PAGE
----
Posted on: May 19th, 2017
questionTrustees are legally obligated to act in the best interests of beneficiaries. In some circumstances, this fiduciary duty might oblige the trustee to decant the trust; if the trust document does not clearly provide for decanting, the trustee must determine whether they have authority to decant the trust. Trust modification via decanting allows assets of an existing trust to pass to a new trust with more favorable terms. 

A recent case regarding the decanting of an irrevocable trust highlights the court’s opinion on whether the trustee’s authority extended to decanting the trust. Ferri v. Powell-Ferri involved a Connecticut court’s interpretation of Massachusetts law. While these are two states TrustCounsel does not practice in, it is helpful to review the case as it might influence the interpretation of similar situations by courts in alternate jurisdictions. It is important to note that this decision was rendered in a jurisdiction that does not provide for decanting by statute.

Ferri v. Powell-Ferri concerned a trust beneficiary who was involved in divorce proceedings. The trust was originally established in the 1983. The trustees, whose fiduciary duty requires them to manage the trust responsibly and in the best interest of the beneficiaries, decanted the trust in 2011 to prevent trust assets from being compromised by the divorce proceedings. The trustees decanted the trust without consent from or notice to the beneficiary. The 2011 trust included a spendthrift provision that limited the beneficiary’s ability to transfer his interest in the trust assets and eliminated the beneficiary’s vested withdrawal rights. In the original trust, the beneficiary was permitted to request withdrawal of up to 75 percent of the principal at the time of the trust decanting; this right increased to 100 percent under the terms of the original trust while the litigation was pending. This change of withdrawal rights prompted the beneficiary to file suit.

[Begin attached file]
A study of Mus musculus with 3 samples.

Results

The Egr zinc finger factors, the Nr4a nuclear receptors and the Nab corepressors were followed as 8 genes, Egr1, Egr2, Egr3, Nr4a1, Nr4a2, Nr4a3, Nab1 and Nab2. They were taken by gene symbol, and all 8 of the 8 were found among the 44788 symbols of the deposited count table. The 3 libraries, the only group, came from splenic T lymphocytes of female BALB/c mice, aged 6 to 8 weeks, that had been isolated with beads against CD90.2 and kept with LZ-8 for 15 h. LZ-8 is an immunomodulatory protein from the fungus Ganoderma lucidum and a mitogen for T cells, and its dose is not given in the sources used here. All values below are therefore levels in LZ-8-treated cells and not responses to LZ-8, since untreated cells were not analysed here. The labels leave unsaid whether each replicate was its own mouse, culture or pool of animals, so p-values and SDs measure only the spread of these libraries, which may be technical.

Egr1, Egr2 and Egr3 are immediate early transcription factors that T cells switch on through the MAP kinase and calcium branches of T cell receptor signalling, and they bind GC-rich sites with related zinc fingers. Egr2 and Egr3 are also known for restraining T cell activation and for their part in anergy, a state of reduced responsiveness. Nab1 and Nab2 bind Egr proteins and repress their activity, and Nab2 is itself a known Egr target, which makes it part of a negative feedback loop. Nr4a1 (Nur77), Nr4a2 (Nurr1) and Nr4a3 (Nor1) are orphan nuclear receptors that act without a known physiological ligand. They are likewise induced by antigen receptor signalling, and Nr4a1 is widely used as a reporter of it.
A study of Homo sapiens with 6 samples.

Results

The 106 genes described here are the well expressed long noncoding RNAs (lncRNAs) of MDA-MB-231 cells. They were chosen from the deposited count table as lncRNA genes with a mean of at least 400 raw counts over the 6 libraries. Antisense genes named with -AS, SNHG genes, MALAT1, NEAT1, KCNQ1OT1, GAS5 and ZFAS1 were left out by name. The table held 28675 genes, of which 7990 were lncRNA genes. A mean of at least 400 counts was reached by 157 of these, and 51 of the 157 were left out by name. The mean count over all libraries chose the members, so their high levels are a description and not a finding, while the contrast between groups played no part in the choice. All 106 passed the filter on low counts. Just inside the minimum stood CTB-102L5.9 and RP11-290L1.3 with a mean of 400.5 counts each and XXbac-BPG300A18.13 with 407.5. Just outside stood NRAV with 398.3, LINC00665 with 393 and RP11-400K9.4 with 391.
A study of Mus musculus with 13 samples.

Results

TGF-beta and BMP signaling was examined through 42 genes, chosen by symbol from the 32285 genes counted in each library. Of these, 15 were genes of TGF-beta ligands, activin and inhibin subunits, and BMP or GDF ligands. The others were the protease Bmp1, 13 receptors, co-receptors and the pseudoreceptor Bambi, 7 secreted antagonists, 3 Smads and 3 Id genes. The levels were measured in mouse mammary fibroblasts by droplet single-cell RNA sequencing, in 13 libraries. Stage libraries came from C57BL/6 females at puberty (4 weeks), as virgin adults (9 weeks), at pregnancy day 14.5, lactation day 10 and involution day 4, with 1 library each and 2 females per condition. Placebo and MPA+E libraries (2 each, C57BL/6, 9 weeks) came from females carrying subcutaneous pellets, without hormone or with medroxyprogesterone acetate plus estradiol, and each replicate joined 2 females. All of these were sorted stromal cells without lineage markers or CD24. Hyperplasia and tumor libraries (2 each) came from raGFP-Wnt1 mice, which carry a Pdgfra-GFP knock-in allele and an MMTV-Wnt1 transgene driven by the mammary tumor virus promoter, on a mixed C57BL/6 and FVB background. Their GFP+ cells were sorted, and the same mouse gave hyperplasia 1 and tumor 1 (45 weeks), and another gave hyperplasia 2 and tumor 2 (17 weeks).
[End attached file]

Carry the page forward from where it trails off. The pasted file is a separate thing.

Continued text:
Through subsequent judgments and litigation, the trustees produced an affidavit from the grantor that stated the trustee had “specific authority” to use whatever means necessary to protect the trust assets with the best interest of the beneficiary in mind. Ultimately, the recent ruling suggests trustees have a duty to decant in order to protect trust assets where doing so is consistent with the overall trust terms. The judge determined “the authority to decant would be...contingent upon a very broad discretion on the part of a trustee.” The decision further explicitly refers to the trustee’s “duty to decant if the trustee deemed decanting to be in the beneficiary’s best interest.”  

Decanting is one of many methods used to modify irrevocable trusts. While it is not permitted in all states, nearly half of the United States have decanting statutes in place. If the trust is in a jurisdiction lacking decanting statutes, the trustee could move the trust to an area that provides for such. Other methods of modification involve action by a trust protector or a non-judicial settlement agreement. The latter is not available in all states. While the Ferri case highlights how broad powers granted to trustees may authorize and, in certain circumstances, make it their duty to decant the trust, it only analyzed decanting and did not speak to other trust modification methods. It remains to be seen if cases involving other trust modification methods would yield similar analysis by the court.

Before a trustee moves forward with trust modification, many factors should be considered: pending legislation, tax implications, discovery of errors, and life changes affecting beneficiaries, such as the divorce proceedings in the case above. Learn more about trust modification.